Capt. James Michael Steel died in April

Aug. 28, 2013 - 08:58PM   |  
Maj. Gen. Robert Steel, then-comandant of the National War College at Fort Lesley J. McNair in Washington, D.C., and his son, 1st Lt. James Steel, then a 63rd Fighter Squadron student pilot, talk in this file photo. James Steel was killed in Afghanistan in April.
Maj. Gen. Robert Steel, then-comandant of the National War College at Fort Lesley J. McNair in Washington, D.C., and his son, 1st Lt. James Steel, then a 63rd Fighter Squadron student pilot, talk in this file photo. James Steel was killed in Afghanistan in April. (Staff Sgt. Ian Dean / file)

The report released by Air Combat Command officials at Langley Air Force Base, Va., says 29-year-old Capt. James Michael Steel crashed April 3 about 12 miles outside Bagram Air Field. When the accident occurred, Steel was in one of two planes returning from a nighttime combat mission supporting ground forces.

The report says Steel flew into a mountainous area obscured by poor weather conditions and that he did not attempt to eject before slamming into the mountain. The report says Steel was flying below the minimum safe altitude at the time of the crash.

The aircraft gave several low-altitude warnings before impact, but Steel didn’t take timely corrective action, according to the report. The first warning occurred 23 seconds before impact.

The aircraft’s Predictive Ground Collision Avoidance system told Steel to pull up four seconds before the crash when it sensed low altitude, but its predictive feature that would’ve warned Steel about the mountain wasn’t working because the terrain Steel was flying in wasn’t in a digital database.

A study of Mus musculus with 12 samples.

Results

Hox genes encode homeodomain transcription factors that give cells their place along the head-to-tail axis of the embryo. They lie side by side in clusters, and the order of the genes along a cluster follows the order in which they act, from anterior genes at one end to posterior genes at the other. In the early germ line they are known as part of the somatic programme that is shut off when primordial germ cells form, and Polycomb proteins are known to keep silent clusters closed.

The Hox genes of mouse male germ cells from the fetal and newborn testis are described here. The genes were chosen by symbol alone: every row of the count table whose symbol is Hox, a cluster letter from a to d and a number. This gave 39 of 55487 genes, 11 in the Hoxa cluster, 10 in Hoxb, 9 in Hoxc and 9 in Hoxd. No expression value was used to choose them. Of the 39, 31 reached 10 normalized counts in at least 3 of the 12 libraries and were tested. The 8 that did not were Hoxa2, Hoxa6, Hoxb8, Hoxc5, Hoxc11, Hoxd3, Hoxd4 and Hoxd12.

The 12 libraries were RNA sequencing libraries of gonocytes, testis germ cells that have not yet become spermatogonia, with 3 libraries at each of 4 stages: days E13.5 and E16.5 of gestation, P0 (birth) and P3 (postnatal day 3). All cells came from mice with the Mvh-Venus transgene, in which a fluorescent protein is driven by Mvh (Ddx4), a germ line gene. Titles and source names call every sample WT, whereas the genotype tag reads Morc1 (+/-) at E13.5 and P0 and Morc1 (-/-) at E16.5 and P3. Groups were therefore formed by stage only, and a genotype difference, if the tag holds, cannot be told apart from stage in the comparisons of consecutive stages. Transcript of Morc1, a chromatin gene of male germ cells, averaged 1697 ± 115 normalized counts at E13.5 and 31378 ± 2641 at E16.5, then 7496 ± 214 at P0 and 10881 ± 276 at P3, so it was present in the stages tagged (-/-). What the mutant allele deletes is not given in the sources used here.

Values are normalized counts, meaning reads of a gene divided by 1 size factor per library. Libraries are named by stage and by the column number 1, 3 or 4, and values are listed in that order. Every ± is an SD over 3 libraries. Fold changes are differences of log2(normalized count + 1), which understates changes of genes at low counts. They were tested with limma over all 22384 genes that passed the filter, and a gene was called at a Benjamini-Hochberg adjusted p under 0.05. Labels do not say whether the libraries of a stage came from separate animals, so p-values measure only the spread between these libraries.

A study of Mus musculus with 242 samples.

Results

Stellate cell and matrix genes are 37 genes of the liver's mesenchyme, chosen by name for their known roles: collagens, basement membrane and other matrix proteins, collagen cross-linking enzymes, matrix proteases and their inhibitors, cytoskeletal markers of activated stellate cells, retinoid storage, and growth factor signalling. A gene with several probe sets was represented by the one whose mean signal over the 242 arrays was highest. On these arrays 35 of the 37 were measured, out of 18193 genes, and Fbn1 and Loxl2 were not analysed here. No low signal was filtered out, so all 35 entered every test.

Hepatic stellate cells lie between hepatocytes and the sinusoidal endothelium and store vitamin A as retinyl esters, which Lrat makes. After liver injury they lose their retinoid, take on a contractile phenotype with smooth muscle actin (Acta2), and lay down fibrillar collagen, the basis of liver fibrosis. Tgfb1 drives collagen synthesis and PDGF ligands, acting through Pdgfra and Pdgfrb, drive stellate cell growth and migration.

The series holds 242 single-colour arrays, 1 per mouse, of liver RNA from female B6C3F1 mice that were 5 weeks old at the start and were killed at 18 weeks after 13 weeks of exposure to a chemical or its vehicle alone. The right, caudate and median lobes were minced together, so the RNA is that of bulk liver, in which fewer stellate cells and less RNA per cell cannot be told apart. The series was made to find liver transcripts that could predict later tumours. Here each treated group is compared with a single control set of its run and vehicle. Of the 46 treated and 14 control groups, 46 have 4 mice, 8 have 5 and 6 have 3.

Before the crash, Steel had received permission to rely on visual cues to land his plane rather than instruments. The Accident Investigation Board said that relying on sight rather than instruments in the cloud cover Steel was flying through was a mistake.

The report says by the time Steel’s wingman, who was flying a couple of miles behind him, realized that Steel wasn’t relying on his instruments, he was unable to reach him because they were on different radio channels.

Steel was from Tampa, Fla., and was assigned to the 77th Fighter Squadron at Shaw Air Force Base, S.C. at the time of the accident. Steel’s squadron had spent the first five months of their deployment flying out of Kandahar Air Field, which is in flatter terrain than Bagram and typically has clear weather in the area. Bagram Air Field is in high, mountainous terrain and tends to have worse weather conditions more frequently than Kandahar Air Field. Steel’s squadron had moved to Bagram only five days before the accident, and Steel had flown only one sortie from Bagram before the accident. The report says Steel may have reverted to flight behaviors he learned at Kandahar when he chose to land by sight.

The report says he had more than 1,000 hours of flying time in his career, and he had flown 85 sorties in the past 90 days at the time of the crash. Of those, Steel was the lead pilot in 31 sorties, just as he was the day he died.

“(Steel) was an outstanding young officer and well-respected fighter pilot. He had many friends in the squadron and was enthusiastic about flying the F-16,” the report says.

Nobody else was hurt in the crash, and the loss of the F-16C Fighting Falcon was valued at nearly $31 million.